Bid to protect ‘highly significant’ Finchley office building with link to wartime Jewish refugee

Alexander House is set to be redeveloped but the Twentieth Century Society is now trying to save it, reports Simon Allin, Local Democracy Reporter

Alexandra House, Finchley (credit Mark Fineberg)
Alexandra House, Finchley (credit Mark Fineberg)

Efforts are underway to preserve a Finchley office building after research uncovered links to Jewish refugee history and a “highly significant” mural by an Indian artist.

Alexander House, a 1950s-built office block in Shakespeare Road could be demolished to make way for a twelve-storey hotel if developer One Shakespeare’s proposals for the site are approved by Barnet Council.

The plans describe the block as a “low-quality office building” that “contributes very little to the urban design of the surrounding area”.

But the Twentieth Century Society has now applied to Historic England to have the building nationally listed for its “highly significant artwork” and “international historic links” with 20th Century Jewish refugees and the Dutch cigar trade. It also wants Barnet Council to treat it as a non-designated heritage asset for the purpose of the planning application.

The society, which focuses on preserving 20th Century architecture, says in its listing application that the building was built during the 1950s by Kurt Weinberg, the son of a German tobacco factory owner whose property was confiscated by the Nazis.

It says Weinberg came to London in 1939 on the Kindertransport – a programme to rescue Jewish children from Nazi-controlled territory before the beginning of the Second World War – and commissioned Alexander House as the base of the Anglo-Dutch Cigar Company.

Together with his wife Charlotte, he later developed Nansen Village in North Finchley, a non-profit housing development providing homes for married international postgraduate students facing housing difficulties.

According to the society’s research, the building also contains a mural designed by Avinash Chandra (1931-91), a leading twentieth-century artist who was born in Shimla, India, and lived in Golders Green from 1956.

The society says: “This is a major piece of mural art and its preservation is essential to record the importance of the Indian British artwork connection.”

Clare Price, head of casework at the society, said: “The Twentieth Century Society are thrilled to have discovered the rich history and fabulous artwork hidden in this little building in Finchley.

“Having been taken by its bright, Festival of Britain-style architecture, we were amazed at how the story has unfolded here: uncovering Alexander House’s fascinating historical connection with the Weinberg family (already well-known local heroes) through to the revelation that it houses an internationally significant mural by Avinash Chandra.”

Nationally listed buildings have extra legal protection, and special planning permission is needed to make changes to them. Local heritage assets can still be demolished but their value to the community must be considered during the planning process.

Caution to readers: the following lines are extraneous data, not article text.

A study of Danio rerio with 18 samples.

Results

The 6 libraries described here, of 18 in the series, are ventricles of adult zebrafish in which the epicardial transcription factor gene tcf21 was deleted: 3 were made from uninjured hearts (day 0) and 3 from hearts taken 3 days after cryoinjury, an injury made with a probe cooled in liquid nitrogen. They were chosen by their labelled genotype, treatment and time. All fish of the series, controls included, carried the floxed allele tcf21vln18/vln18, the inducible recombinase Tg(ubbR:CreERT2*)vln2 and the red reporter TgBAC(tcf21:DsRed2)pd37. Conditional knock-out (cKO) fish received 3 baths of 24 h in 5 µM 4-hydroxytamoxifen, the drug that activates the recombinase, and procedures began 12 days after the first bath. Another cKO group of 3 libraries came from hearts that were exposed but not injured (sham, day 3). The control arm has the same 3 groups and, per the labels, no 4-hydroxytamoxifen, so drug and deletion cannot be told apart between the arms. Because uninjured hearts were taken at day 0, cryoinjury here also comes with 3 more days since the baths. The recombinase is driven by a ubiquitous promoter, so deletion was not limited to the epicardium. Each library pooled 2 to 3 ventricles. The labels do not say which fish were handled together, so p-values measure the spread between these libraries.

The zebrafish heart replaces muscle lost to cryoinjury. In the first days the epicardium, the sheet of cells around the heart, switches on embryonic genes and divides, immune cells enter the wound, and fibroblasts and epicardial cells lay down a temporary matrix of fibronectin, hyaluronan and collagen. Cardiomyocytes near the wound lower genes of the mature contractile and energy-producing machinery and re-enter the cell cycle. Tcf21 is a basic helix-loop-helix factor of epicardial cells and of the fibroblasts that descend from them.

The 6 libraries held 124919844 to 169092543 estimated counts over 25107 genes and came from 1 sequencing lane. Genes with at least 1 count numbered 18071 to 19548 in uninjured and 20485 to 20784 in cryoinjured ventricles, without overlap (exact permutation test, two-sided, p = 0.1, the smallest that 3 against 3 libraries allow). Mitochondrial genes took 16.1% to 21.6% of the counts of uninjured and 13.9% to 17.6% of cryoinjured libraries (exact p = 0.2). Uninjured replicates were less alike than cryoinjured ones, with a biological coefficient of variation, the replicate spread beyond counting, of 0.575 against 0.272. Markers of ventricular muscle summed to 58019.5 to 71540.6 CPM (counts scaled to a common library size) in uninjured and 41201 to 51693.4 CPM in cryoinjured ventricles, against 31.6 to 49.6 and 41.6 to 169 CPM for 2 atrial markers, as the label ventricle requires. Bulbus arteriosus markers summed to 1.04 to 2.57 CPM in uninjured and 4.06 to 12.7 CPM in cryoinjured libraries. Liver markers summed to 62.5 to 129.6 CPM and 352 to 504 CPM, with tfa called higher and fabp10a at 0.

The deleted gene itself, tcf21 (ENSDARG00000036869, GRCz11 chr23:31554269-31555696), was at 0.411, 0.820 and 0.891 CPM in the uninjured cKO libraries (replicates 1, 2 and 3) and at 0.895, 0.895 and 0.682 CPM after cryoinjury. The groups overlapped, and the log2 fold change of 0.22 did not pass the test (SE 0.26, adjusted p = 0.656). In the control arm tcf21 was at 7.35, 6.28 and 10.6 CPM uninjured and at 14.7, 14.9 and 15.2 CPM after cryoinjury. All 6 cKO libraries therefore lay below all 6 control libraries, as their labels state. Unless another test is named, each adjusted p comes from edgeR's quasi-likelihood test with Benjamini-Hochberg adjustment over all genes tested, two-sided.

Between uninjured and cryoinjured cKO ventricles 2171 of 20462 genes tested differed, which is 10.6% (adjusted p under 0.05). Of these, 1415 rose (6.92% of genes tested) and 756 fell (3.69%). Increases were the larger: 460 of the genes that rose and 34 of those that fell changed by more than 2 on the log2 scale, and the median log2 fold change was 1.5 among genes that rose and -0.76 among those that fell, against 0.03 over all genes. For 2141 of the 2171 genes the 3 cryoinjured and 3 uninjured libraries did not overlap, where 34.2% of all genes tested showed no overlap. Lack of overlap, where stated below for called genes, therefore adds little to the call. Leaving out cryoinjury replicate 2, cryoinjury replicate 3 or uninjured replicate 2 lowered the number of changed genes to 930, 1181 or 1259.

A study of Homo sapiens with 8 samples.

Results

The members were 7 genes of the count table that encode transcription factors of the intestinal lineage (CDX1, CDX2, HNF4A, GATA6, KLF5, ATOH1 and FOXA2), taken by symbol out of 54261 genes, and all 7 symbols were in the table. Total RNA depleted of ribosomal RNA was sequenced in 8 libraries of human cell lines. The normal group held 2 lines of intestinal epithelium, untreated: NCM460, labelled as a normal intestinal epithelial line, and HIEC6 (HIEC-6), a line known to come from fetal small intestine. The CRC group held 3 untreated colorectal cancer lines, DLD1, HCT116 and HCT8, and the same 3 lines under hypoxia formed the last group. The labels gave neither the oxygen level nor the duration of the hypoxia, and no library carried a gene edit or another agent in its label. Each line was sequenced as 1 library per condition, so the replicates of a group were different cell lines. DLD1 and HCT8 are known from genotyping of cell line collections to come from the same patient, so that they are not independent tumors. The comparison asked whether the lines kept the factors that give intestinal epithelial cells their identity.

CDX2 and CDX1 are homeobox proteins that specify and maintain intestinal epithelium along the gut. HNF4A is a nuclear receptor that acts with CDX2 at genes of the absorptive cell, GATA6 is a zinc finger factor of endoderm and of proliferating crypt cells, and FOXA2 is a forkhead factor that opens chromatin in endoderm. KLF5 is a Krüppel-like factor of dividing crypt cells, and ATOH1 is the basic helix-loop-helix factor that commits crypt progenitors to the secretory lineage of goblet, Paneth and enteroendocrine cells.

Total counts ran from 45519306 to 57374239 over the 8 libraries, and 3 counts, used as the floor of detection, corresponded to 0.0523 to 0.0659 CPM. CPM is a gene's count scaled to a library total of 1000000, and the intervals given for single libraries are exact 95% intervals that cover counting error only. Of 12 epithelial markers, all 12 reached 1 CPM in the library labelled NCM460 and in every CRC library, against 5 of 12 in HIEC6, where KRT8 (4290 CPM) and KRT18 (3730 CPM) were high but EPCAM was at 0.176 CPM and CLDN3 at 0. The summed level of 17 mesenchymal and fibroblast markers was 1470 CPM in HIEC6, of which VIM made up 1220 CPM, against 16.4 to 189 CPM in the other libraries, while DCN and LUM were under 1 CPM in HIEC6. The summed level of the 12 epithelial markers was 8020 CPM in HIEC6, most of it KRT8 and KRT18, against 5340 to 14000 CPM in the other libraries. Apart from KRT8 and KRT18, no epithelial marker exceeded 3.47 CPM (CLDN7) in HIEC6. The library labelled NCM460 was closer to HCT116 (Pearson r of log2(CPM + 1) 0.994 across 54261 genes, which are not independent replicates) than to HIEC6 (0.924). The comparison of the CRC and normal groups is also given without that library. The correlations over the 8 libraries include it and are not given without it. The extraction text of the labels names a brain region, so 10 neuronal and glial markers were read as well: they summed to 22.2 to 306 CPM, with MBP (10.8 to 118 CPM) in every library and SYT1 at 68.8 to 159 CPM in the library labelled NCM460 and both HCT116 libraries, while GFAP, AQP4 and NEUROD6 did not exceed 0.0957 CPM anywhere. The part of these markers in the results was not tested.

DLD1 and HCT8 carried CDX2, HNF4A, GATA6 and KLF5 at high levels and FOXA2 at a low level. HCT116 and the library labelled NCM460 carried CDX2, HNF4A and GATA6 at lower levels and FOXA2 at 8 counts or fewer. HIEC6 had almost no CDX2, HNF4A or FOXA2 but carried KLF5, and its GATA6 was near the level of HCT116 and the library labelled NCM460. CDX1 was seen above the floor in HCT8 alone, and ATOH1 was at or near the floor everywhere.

According to the council’s website, the local heritage list is updated every three years. The latest additions to the list were approved in December last year.

The mural at Alexandra House, by Avinash Chandra (credit Mark Fineberg)
The mural at Alexandra House, made by Avinash Chandra (credit Mark Fineberg)

Local architect Mark Fineberg hopes the building can be saved – or, if that is not possible, for the mural to be removed, salvaged, conditioned and reincorporated into the new building.

He said: “[The architecture] is a very under-appreciated genre. Some people love it and some people don’t get it. A lot of people walk past that building and don’t give it a second thought.

“In general terms, it is ‘Thunderbirds-Gerry Anderson architecture’ – Festival of Britain-meets-Constructivist.

“I have always loved it. It has always been a real splash of colour when there was not much around in that era of post-war austerity just before psychedelia. It is no particular genre but a plucky building that is technically very well made.

“It is not just the material – it is the context and social context that makes it significant. Abbey Road zebra crossing is listed because of its social significance.

“For me, this is a really important coming together of an emigre who has arrived in this country and with the funding from the family business left behind re-established the cigar company in Finchley […] here is a major civic champion.

“I recognise it is not ‘all or nothing’, but I just wanted to alert people to what this means. It is a cultural asset which has historical resonance and significance for Finchley.”

One Shakespeare has been approached for comment via its planning agent. Barnet Council was also approached for comment.

Update (29th August):

A spokesperson for the development team said: “We know the mural is locally significant and we are eager to do our part in maintaining this important piece of local artwork.

“We will achieve this by carefully transferring it from the current position to the new hotel lobby. This will ensure the mural is preserved and protected, with the added benefit that it can be viewed by local people and visitors to the hotel.

“We have worked closely with local stakeholders to refine the proposals for the Alexander House and we welcome any further questions they may have for us to help reassure them regarding our proposals.”

This article has been amended to clarify that the Twentieth Century Society is seeking a national listing for the building from Historic England.